Monday, February 21, 2011

Publisher extras for instructors

Okay, this is just a short post to bitch about publisher extras for instructors. I actually appreciate the supplemental materials that can come with textbooks, such as PowerPoint presentations, glossaries of terms and definitions, quizzes and testbanks, in-class exercises, etc. I seldom use them without tweaking them a little bit, but they can really help me think about the important concepts I want students to understand, new ways to help students get into the material, etc.

That said, who does the editing for these things? The PowerPoints are the worst: always incredibly ugly templates, poorly laid out on the screen, and lacking notes and other resources that make PPT lecture materials useful. One might even build in examples and questions that would break up an especially boring lecture, the way real lecturers do! Exercises can be very unclear, and quizzes and tests can include questions on the most mundane topics, completely bypassing the central topics being discussed in the chapter.

If you are going to ask authors to spend time creating these supplemental materials, make them worthwhile! Have someone edit these materials as well.

**Walks away grumbling to continue editing the PPT for class. 

4 comments:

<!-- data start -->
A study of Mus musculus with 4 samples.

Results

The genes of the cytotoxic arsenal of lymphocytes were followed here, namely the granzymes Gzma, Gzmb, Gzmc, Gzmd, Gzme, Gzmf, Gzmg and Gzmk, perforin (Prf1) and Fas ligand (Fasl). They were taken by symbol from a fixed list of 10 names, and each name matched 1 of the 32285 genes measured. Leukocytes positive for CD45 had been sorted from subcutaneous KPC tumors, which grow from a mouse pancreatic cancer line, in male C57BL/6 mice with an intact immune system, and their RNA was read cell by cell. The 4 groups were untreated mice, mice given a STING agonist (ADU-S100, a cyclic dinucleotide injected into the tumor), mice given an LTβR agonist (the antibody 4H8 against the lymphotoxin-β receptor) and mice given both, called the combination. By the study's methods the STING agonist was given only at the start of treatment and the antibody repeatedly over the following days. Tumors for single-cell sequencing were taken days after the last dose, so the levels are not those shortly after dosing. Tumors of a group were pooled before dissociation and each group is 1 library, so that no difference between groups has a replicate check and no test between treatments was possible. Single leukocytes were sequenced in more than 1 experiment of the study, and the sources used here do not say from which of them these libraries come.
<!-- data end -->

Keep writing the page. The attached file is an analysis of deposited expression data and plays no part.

nakedphilologist said...

A friend of mine copy-edits these things! Probably not the specific ones you're using, but she complains to me that they come to her in terrible shape, badly spelled and hideously formatted. I guess she can't do much about the *content* side of it, as a copy-editor, but evidently someone on the content-producing side is shabby at their job...

Nicoleandmaggie said...

These things are all written by grad students and other freelancers for very low pay. The quality is sad but not surprising. Almost everything the publisher gives you, besides the book, is NOT written by people who are actually teaching the subject regularly.

Breena said...

I was talking to the professor I am working with this quarter about helping the publisher for her textbook with supplemental materials. I'm a PhD student but I know I could write something better than most of what I have seen. Of course, very few people seem to know how to make a decent powerpoint presentation.

stevenb said...

Why are you making students buy the textbook in the first place? I imagine that you could either find a suitable open access textbook or compile the resources your students need to learn the course material. It will no doubt require an initial investment of time, but your students would no doubt appreciate it - and you'll be sending a message to the publishers that you don't need all the filler.